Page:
Last night, I sat down to write something for another class. I stared at a blank document on my screen for about 15 minutes before letting out a frustrating sigh, and closing the laptop down entirely. The ever so familiar phrases began in my head while I got up to make a cup of tea: “I can’t think of anything to write because I don’t think I’m good enough to write. I will never be as good as the writers who have come before me. I have nothing in my brain that is worth writing down.” The tea kettle started screeching, and the chain of thought broke. I could feel the cloud of defeat stretching over me.
This assignment that I needed to finish was due the very next day; there was no way around it. I had to write. I opened the laptop again, and groaned. My partner came over, and sat down next to me.
“Is everything okay?” he asked. It had been a stressful weekend, and he knew I was struggling.
“I feel nothing. I don’t have anything that is going to be good enough for this assignment.” I said, sipping on the tea, and basking in the laptop light. I explained the assignment to him, and he looked at me and smiled.
“I don’t know anything about the literary world, but I do know that you’re stuck for a very simple reason.”
“What reason is that?” I asked in an irritated tone. I did not want a lesson, I wanted an answer.
“You’re literally standing in your own way. Cut out the bullshit of other people’s ideas, stop thinking about the process of writing, and just look. Look at this as an opportunity, not as an obligation. Stand up, and let yourself in. You’re blocking what you really want.”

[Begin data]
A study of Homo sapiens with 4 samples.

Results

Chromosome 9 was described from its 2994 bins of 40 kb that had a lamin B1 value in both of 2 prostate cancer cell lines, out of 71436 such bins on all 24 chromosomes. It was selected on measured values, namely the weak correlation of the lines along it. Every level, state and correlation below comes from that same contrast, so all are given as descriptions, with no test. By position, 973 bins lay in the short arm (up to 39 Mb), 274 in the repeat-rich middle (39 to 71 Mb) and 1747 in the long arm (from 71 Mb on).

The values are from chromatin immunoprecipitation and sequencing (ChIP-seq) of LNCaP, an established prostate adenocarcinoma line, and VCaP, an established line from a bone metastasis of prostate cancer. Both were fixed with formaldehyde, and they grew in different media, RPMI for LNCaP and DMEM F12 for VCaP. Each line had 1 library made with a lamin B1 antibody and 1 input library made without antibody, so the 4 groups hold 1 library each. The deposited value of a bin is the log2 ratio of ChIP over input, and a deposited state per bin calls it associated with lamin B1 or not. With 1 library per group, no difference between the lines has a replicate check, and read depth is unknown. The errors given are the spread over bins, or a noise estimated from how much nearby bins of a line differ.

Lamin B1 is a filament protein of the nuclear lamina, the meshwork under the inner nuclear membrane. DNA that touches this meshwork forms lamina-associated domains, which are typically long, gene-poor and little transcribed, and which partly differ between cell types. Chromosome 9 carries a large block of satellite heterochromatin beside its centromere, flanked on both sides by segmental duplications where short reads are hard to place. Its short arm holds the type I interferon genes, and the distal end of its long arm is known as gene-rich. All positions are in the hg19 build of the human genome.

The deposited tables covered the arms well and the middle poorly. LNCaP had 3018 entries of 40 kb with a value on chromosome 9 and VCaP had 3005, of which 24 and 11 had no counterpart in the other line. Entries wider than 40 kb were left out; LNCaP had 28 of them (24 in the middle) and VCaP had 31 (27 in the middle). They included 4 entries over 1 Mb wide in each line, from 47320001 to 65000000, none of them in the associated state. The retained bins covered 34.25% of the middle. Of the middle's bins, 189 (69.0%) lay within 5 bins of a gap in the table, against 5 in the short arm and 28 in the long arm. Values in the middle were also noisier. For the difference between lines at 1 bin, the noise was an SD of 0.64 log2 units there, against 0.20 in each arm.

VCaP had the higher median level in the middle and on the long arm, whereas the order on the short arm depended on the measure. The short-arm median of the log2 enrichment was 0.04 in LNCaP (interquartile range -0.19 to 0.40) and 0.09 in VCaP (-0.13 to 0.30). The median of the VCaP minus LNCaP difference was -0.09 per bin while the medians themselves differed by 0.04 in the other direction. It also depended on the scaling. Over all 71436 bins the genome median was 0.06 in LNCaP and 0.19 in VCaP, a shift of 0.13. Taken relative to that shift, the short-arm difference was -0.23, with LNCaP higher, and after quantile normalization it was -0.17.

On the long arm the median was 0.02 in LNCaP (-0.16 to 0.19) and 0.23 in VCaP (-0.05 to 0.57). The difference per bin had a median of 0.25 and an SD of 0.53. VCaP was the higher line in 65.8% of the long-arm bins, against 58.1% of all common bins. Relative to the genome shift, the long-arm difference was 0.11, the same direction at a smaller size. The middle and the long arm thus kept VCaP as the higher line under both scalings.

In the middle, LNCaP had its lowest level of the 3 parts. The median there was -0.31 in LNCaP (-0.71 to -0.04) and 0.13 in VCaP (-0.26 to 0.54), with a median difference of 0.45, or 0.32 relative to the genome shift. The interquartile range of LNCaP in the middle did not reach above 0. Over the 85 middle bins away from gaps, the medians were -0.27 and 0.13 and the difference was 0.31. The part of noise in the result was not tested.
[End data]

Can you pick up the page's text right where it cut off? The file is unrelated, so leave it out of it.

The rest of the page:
I do this thing where I focus on the writing process, and not the writing itself. I stare into the abyss, thinking of the perfect piece, and then I get stage fright. I talk myself into thinking that any idea I have has either been done before, or will be done better in the future. Then I enter into a never ending feedback loop of bad thoughts, and I accomplish nothing.
This may seem like a very cliche piece, but I thought I’d share it with this blog to explain my fear; this fear of never making it in this world. But I’ve learned in the past 24 hours that nothing will EVER be written or produced in the same voice, because my voice is entirely my own. There’s only one of me, and that is something irreplaceable. Even writing this piece is giving me a sense of self doubt, but I’m here, still in the light of the laptop, persevering.
This post doesn’t really have anything to do about poetry, but this subject can be attached to any type of creative endeavor. If I were to look up resilience in the dictionary, I’d like to think I’d find a picture of a writer at a desk, cup of tea in hand, swimming in self doubt. But I know that writer would still have their head above water, somehow.